Friday, December 15, 2017

The Art of Effective Science Based Climate Communications

Science-based communications have failed to effectively counter the barrage of misinformation about climate change. This is partly due to the sheer volume of politically motivated subterfuge. This is especially true in the United States where climate change denial is being sold to the public by both the president and his party. This administration and most GOP legislators have made it clear that they are opposed to a fact-based understanding of climate change. Nonetheless, science is critical to the health of a society and if we are to reach larger numbers of people we need to be more effective.

We must help shape the way climate change is perceived. To start with we need to make it relevant to people here and now. Rather than a seemingly amorphous global threat we must focus on climate threats as they apply in local contexts in the present.  This includes immediate impacts on health, agriculture, the economy and our natural resources.

We have to counteract the slew of misinformation being generated by partisan interests. Despite being grossly inaccurate, these non-scientific surveys can overwhelm scientific surveys in popular media. We need to help non-scientists to appreciate the difference between studies with rigour and those without.

However, we must do more than just strive to ensure that our climate communications are free of factual inaccuracies, unsupported statements and logical flaws. Here are some additional recommendations to help us effectively communicate climate science.

It must be made emphatically clear that few statements have more scientific veracity than the evidence connecting human activity and climate change.  Historical impacts must be differentiated from future vulnerabilities. This last point is important because historical impacts have been shown to do a far better job at reinforcing understanding then future vulnerabilities. When talking about future impacts it must be clearly stated that these are scientific projections, not predictions.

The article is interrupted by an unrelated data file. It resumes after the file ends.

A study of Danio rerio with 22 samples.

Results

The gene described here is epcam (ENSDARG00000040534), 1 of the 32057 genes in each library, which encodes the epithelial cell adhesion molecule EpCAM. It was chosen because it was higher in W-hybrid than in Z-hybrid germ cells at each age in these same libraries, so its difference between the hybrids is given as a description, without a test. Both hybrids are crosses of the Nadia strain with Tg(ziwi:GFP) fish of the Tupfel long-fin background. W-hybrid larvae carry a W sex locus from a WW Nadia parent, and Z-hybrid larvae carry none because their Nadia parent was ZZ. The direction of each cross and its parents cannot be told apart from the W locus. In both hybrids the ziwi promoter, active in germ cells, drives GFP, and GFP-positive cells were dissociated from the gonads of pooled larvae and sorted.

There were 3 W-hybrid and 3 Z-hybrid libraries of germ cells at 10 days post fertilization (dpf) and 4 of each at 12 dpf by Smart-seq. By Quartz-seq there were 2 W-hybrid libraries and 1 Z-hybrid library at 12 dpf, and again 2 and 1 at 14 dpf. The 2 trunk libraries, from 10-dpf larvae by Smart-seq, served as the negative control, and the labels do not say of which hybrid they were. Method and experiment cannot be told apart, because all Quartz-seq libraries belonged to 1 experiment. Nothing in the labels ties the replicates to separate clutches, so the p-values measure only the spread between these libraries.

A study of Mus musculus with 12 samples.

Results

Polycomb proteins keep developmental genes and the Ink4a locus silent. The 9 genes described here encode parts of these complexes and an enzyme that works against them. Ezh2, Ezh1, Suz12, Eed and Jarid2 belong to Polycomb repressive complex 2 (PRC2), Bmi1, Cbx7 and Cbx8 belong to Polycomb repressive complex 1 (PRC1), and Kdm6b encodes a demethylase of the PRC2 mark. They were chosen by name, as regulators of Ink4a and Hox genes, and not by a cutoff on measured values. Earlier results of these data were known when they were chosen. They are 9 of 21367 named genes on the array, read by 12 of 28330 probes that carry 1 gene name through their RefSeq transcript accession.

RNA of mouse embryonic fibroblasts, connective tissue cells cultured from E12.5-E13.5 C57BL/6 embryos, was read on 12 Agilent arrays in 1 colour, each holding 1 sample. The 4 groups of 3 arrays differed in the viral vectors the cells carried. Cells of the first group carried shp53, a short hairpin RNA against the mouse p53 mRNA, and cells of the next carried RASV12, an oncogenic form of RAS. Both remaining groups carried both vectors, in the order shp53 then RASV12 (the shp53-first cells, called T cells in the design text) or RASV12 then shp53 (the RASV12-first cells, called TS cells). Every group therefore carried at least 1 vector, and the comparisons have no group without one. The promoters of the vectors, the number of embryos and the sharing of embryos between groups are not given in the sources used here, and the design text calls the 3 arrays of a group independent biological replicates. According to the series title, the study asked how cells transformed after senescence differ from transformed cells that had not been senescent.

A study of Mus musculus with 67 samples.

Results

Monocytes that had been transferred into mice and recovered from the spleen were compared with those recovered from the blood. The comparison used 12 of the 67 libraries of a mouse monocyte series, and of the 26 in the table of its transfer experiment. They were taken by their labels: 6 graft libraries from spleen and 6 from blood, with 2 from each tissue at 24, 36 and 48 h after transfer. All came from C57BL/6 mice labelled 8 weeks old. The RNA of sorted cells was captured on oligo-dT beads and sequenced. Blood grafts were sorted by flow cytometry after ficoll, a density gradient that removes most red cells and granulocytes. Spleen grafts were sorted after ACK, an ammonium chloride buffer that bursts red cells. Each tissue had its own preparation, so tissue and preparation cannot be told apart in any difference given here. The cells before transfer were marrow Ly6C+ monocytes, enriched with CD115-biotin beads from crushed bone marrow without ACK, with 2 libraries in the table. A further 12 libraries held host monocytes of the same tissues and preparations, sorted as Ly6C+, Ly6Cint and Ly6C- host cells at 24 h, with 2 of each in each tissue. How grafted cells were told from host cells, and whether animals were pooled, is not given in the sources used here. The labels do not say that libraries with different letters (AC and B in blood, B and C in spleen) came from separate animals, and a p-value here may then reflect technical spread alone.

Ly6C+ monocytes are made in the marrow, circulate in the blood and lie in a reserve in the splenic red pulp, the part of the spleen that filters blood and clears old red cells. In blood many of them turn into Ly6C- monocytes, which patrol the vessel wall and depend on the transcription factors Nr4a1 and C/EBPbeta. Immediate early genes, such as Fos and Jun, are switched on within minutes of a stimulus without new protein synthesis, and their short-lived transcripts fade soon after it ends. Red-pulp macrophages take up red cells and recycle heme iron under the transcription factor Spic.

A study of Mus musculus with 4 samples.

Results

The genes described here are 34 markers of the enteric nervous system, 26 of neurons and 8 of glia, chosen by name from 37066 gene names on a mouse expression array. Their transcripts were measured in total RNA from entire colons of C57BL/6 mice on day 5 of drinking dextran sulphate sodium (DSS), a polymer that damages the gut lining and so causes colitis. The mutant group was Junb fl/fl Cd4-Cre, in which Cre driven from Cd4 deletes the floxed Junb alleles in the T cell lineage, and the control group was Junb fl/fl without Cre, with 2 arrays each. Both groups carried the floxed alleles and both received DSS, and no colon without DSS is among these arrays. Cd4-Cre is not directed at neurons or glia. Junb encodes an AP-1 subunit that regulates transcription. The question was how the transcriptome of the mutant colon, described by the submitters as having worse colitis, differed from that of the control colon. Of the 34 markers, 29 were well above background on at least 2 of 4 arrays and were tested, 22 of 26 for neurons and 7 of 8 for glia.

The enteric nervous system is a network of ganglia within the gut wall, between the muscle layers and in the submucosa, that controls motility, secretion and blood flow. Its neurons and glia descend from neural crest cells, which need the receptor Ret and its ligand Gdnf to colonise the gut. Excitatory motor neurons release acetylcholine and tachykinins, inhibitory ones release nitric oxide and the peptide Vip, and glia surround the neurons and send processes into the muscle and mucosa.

We need to show that scientific conclusions effect people. We specifically need to show how people are being hurt by the changing climate. If people understand these facts they are more likely to respond particularly if they see the threat as pertinent to them.

In addition to highlighting local impacts, we need to make it clear that this is a global issue. The overarching implications of climate change make it one of the most pressing global challenges of our day.  As such climate change has the potential to unify people.

Climate science must be rendered in approachable narratives so that we can reach vast swaths of the general public. We need climate communications that bridge the political divide and help the electorate to make informed voting decisions.   Science-based narratives must employ emotion and perhaps most importantly we need to help people to understand that there are a wide range of viable solutions.

If we want to address the climate crisis we will need the involvement of all sectors of society including governments. To get responsible political leadership we need better informed voters and this means we need more effective strategies for sharing science with the public.